There are many traditional practices in Nigeria. Even if Nigeria is a part of the civilized world with modern economy and society, some tribes still prefer to live according to the ancient customs. Still, these traditions can be violent and unethical for the modern world. According to the Anti Child Abuse Society in Nigeria, many harmful cultural practices work directly against children. Should these traditions be stopped as the relics of the past?
African tribes have many dangerous traditions. One of the most problematic questions for this region of the planet is violence against children and women. They usually become victims of harmful traditional practices in Nigeria, Cameroon, South Africa and many other countries of Africa.
1. Efidan tradition
“Efidan” is one of the types of harmful traditional incision. Efidan translates as cutting. This tradition is still used in the rural areas of Nigeria. For the tribes, cutting is a part of adolescent traditions. Parents usually cut their children when they reach puberty. For women, scars needed to decorate their body and be more sexually appeal to men. For men, scars and cuttings serve the same purpose, and through them, they show that they are ready to take responsibility for a family.
The problem is that cuttings are made by people who knows nothing about medicine or by children themselves, which leads to the blood loss and even death. Moreover, instruments for cutting are not sterilized properly which can lead to the variety of diseases, HIV and AIDS. The Anti Child Abuse Society of Africa stands for stopping Efidan or at least monitoring it by local authorities.
2 Nutrition violence
Sometimes children do not desire to eat food, but parents want them to eat – what should they do in this case? Some parents in the Gwaris, Yorubas and Hausas found a violent solution to this problem. If a child does not want to swallow watery food, then the parents or caregivers put the kid`s head between legs, close the nostrils and provide food to the mouth when the kid opens it. If the kids are crying during this procedure, then it`s a good sign for a parent to feed them. Nevertheless, these cultural practices of delivering food may lead to choking, chemical pneumonitis and aspiration pneumonia.
3 Forced marriage
Child marriage is a very common cultural practices in some Nigerian tribes. The main victims of early marriage are young girls. The marriage age for them is considered to be around 12 years old. Still, some girls enter the puberty period in the house of the husband. Sometimes they can be married to a man much older, then they are. The violence occurs when a girl refuses to marry or have sex with a husband. They have to suffer from the pregnancy in the young age and suffer from obstructive labor. Young girls can be bought directly from the parents. Many of the children are given free to marriage for future economic and political benefits.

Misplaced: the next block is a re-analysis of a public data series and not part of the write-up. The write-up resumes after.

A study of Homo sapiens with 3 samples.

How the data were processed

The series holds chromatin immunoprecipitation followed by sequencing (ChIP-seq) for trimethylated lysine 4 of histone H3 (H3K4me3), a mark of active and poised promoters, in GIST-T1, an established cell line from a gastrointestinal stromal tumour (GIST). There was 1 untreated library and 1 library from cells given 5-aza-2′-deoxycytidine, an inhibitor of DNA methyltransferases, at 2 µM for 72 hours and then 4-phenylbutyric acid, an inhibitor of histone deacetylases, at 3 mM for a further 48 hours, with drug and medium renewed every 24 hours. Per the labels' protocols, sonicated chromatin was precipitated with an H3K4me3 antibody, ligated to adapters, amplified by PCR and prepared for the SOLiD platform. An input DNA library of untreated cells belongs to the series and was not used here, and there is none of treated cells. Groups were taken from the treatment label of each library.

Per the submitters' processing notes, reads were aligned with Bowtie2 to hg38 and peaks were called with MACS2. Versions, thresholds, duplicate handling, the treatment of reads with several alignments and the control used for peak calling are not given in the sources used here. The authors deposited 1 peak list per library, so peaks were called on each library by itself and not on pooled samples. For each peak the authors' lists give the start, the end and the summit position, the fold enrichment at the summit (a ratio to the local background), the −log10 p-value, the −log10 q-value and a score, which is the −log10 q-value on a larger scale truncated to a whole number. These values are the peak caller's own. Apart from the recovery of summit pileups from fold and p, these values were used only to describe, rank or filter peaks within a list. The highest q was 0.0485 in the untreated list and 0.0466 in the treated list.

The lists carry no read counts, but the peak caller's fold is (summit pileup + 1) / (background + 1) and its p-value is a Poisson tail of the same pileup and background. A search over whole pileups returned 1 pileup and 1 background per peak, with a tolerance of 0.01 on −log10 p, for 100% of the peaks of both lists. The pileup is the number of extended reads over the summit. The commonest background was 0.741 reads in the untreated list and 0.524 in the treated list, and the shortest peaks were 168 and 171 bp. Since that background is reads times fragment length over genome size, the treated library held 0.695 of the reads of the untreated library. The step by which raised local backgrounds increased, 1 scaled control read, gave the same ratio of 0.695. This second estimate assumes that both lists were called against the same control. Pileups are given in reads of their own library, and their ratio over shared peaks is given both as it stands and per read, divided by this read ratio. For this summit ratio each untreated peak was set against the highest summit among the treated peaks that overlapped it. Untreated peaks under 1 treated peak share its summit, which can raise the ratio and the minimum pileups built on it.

4 Children`s labor
Occupational violence is a part of harmful traditional practices in Igboland. Children under age of 12 have to work on the farms against their will. They can work regardless climatic conditions. This practice is common in the forest and farm regions of Nigeria. Still, parents send their children to work as they believe it will help them to secure a job position in the future. Therefore, children do not go to school and have to work without proper protection. Public organizations and UN attorneys investigate cases of forced children labor in Nigeria.
5. Blood vengeance
6 Female Genital Mutilation
7 Virginity test
It`s one of the old cultural traditions in Africa. Virgin girls in tribes are defined as clean and pure. Girls who did not save their virginity up to the marriage can be treated horribly. Virginity tests in Africa tribes can have various forms. According to the traditions, a girl can be defined as virgin if she has an intact hymen, innocent eyes, the tightness of muscles behind the knees and “tight breasts”. Some tribes also examine male virginity. According to some traditional tests, a boy defines as a virgin if he has a thick foreskin and can urinate over one-meter-high fence with no hands.
8 Breast ironing
9 Witch burning
Life of African tribes is always connected with survival. Moreover, African people are deeply religious, and the desperate times they are ready for desperate and foolish measures. Communities in Africa might experience various types of disaster, like long dry season, illness of tribe members, the death of cattle. Nevertheless, instead of seeking logical reasons of these issues, they tend to believe that it can be sorcery. Therefore, they burn innocent people to illuminate the sorcery is one the most harmful traditional practices in Africa.